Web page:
If Lambeth is to be of use to the quest for conservative Anglicans for a Communion which is coherent with the Scripture-based theology which birthed the C of E, reformed it during the Reformation, and motivated the mission which led to the formation of the Anglican Communion, it has to solve the puzzle of the pastoral, theological, and political responses to homosexuality.
The pastoral response needs to lean a bit liberal (in the sense of open, welcoming, generous, life-affirming), while the theological response needs an unabashed conservative flavour (in the sense of conserving Anglican theology rather than revising it into something unAnglican). The political response needs to back off talk of ‘gay marriage’, ‘rights’, ‘empowerment’, ‘emission’ (cf. the PB of TEC’s response to GAFCON), ‘gay bishops’, and to engage with the relationship between gospel, mission, church, and the living body of Christ. It is no solution to politicise gay and lesbian ecclesial aspirations to the point where there are no heterosexuals left in the church (the wasteland towards which TEC is heading?).
Lambeth 1998 got the theological response right, but it misjudged the political machinations since, which have undermined the import of Resolution 1.10 for the theology of the Communion. It may have gotten the pastoral response wrong by asking only for a listening process.
GAFCON 2008 has the theological response mostly right, and it understands the political dimensions to the crisis, but it offers an inadequate pastoral response to homosexuality.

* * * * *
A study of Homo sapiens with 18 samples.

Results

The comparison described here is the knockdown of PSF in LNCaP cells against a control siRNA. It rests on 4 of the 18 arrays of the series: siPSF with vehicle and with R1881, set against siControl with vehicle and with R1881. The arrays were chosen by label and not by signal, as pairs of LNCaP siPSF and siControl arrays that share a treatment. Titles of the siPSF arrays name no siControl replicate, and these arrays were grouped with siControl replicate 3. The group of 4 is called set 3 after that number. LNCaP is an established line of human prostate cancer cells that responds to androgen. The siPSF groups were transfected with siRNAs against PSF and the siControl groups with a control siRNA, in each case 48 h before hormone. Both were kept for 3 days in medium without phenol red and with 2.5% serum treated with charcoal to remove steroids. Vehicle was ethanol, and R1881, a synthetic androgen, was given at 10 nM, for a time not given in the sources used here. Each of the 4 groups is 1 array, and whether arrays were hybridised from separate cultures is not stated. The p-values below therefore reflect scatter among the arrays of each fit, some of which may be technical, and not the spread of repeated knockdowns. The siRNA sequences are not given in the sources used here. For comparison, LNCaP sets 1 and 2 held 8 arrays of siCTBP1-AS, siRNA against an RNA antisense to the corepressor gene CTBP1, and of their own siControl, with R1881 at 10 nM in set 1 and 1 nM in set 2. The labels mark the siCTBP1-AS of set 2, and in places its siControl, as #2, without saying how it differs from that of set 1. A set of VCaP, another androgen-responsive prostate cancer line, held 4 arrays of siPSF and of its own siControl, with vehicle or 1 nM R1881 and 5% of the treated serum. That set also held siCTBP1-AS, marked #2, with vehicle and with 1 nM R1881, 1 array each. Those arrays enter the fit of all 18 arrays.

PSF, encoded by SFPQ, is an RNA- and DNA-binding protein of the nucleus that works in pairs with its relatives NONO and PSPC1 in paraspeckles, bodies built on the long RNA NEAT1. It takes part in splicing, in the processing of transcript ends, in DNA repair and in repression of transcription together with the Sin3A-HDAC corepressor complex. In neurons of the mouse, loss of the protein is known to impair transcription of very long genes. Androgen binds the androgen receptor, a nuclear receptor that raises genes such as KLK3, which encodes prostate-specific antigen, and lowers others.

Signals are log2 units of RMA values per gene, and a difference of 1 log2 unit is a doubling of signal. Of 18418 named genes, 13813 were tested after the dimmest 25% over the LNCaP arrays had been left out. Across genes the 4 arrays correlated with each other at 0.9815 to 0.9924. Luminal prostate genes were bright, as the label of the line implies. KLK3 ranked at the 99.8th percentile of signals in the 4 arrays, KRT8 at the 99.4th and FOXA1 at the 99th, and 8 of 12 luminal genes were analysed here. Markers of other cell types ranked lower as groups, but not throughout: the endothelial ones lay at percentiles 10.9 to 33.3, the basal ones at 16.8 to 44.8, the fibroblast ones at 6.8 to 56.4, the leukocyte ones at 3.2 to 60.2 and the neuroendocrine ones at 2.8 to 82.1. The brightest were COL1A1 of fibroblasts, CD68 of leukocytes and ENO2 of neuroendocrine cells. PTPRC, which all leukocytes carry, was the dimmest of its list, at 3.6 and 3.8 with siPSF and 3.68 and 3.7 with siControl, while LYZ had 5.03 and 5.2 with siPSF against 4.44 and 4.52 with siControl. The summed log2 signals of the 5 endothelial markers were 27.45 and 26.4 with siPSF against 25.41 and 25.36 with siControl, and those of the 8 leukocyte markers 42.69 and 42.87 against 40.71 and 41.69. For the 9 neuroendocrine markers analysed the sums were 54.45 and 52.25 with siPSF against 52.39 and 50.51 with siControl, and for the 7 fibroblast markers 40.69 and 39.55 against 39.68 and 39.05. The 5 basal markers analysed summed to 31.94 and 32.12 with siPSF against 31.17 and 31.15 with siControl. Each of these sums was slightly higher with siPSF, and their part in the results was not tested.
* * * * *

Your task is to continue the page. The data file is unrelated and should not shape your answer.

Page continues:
TEC and Canada think they have gotten the pastoral response correct, but its at the expense of a true catholic theology supporting that response. Ultimately it offers a political justification for its pastoral response. Essentially it gets all three responses wrong, for there can be no truth in a pastoral practice that is theologically unsound. Nor is there an authentic politics at work in the church which is not authorised by theology.
A Lambeth Conference which avoids its most predictable outcome, a continuing muddle, by solving the puzzle will not only please conservatives, but a whole lot of confused Anglicans who inhabit the centre ground. We all want the puzzle solved. Though perhaps we want too much: kindness to gays and lesbians, faithfulness to Scripture and Anglican doctrine, no power takeovers by radical elements. Can we have all three? Or just two? Or only one?